Utah offense rolls through Crimson Tide

By Tony Pizza, Sports Editor

Utah fans have become familiar with the “Roll Tide’ chant in the Big Easy. Friday night, it was Utah’s offense that rolled.

Brian Johnson threw for 336 yards on 27-for-41 pass attempts, Freddie Brown caught 12 catches for 125 yards and the Utes scored on their first three offensive possessions to jump out to a crucial 21-point lead against Alabama.

“We expected to start fast and we did,” Brown said. “We surprised them with our no-huddle offense and went up and down the field. Putting up 21 points in the first quarter was huge, but we expected to do that, and it worked well establishing the tempo.”

Alabama entered the game as heavy favorites and the shoo-in choice by several national pundits to dominate Utah. The Utes’ fast start quickly proved otherwise.

Utah nearly gave away its first offensive opportunity when Brent Casteel bobbled Alabama’s first punt of the game. RJ Rice recovered, however, and five plays and one minute and 19 second later and Johnson found Brent Casteel on a 7-yard pass to take an early 7-0 lead.

“Yeah, we caught them not lined up on the touchdown pass,” Johnson said. “They were trying to signal in the defense still. And, you know, the two-minute is something we practiced a ton.”

Two plays later, Robert Johnson’s interception gave Utah the ball on their 32-yard line.
It wasn’t until Utah faced a third-and-10 from the same spot that Johnson hit David Reed on a 30-yard pass that put the Utes on their 2-yard line. Two plays later, Matt Asiata punched the ball in for another touchdown and just like that Utah took a 14-point lead before five minutes had run off the clock. The lead surprised just about everyone but Utah.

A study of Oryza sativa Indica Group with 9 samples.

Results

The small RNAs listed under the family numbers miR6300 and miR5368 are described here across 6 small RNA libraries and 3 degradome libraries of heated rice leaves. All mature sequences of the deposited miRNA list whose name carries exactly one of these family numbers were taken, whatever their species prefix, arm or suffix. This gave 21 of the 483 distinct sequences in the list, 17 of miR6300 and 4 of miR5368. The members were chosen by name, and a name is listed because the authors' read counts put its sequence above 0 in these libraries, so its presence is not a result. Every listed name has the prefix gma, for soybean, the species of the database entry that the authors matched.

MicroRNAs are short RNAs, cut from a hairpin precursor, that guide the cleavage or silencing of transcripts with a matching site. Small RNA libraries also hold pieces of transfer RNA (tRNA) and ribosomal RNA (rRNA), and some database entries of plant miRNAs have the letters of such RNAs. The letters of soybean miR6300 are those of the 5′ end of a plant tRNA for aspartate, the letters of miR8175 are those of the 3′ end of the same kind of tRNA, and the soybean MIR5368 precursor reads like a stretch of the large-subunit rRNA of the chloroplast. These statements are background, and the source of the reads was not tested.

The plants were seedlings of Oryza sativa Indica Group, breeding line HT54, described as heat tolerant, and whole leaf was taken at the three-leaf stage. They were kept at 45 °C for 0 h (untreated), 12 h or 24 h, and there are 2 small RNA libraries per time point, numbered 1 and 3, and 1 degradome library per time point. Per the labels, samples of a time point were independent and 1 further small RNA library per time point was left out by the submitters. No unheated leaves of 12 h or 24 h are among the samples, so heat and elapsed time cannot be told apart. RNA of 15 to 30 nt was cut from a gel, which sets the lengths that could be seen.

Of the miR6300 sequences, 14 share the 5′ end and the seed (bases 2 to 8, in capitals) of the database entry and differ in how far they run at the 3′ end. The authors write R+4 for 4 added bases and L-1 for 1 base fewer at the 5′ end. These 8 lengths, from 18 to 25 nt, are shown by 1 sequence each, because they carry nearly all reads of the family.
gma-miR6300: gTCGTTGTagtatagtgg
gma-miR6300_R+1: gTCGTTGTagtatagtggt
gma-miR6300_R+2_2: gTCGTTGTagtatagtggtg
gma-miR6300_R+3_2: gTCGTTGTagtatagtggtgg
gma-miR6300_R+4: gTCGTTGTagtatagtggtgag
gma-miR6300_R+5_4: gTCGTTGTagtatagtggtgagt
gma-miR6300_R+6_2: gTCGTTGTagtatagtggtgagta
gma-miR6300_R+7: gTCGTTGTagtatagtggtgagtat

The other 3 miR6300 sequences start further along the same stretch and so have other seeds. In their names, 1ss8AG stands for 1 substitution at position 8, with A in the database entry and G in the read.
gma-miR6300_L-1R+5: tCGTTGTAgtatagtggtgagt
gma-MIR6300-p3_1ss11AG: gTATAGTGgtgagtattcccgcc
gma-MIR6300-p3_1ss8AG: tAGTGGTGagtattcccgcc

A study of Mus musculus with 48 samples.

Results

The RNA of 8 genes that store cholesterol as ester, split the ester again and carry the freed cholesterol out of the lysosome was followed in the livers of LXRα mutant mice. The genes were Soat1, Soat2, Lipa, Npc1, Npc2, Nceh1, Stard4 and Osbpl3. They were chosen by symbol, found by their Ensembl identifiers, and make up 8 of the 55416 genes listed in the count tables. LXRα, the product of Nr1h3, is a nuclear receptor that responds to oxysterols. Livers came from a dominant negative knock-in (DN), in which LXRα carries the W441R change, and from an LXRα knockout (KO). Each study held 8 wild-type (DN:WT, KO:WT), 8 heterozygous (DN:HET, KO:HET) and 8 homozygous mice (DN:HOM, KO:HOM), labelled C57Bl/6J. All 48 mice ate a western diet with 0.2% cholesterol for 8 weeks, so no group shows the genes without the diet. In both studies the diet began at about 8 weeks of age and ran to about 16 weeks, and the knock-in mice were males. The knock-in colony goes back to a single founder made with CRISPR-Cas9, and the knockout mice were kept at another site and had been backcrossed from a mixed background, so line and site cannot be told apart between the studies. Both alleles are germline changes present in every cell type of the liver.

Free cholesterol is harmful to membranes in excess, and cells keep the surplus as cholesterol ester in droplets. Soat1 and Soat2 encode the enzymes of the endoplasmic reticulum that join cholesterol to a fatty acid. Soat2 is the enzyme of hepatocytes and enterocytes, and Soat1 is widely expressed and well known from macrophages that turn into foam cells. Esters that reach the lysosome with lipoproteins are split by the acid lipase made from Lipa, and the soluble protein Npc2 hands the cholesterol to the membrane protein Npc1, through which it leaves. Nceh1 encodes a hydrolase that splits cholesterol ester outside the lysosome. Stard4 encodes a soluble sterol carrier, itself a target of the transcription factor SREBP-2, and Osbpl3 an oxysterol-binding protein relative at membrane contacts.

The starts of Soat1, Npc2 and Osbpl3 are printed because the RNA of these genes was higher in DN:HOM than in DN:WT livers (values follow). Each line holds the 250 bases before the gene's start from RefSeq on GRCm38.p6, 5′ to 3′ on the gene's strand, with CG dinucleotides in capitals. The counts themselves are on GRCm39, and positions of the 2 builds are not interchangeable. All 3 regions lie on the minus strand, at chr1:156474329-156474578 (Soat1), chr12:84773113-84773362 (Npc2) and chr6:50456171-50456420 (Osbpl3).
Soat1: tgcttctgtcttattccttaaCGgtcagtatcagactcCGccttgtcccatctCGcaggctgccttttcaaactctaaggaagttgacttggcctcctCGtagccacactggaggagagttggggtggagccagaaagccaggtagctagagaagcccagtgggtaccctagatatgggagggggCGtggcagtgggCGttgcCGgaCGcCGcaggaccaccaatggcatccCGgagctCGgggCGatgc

“I think it was something we strive (sic) on as a team and it was something the entire team kind of fed off individually and collectively, was the fact that nobody gave us a shot, and the only people that mattered were the people in the white jerseys,” Johnson said.

During film study, Utah found that Alabama’s big defensive line, which featured the likes of 365-pound nose tackle Terrence Cody, were good for about two plays. That gave the Utes the idea of going with a no huddle. On the final play of their first drive, Alabama had barely called the defensive play in before Casteel was off for the game’s first score.

“First of all, we’re good at the no-huddle,” said offensive coordinator Andy Ludwig. “They did have some big guys that they don’t want to run so much8212;that they want to tap out.”

Utah’s defense held Alabama to a six-play nine-yard drive, before the Utes struck again.
This time the Utes took the ball on their own 35-yard line and marched down the field in seven plays in less than two minutes to give Utah a 21-0 lead. All that coming from a team that was labeled as the 10-point underdog on some betting lines.

“It felt like we were being completely disrespected,” Johnson said. “Everybody making the Hawaii and Georgia comparisons from last year’s Sugar Bowl. It made me angry.”

Johnson and the rest of the Utah offense channeled all of that anger into a 150-yard, 21-point output, which turned out to be all the Utes would need to complete the biggest upset of the bowl season so far.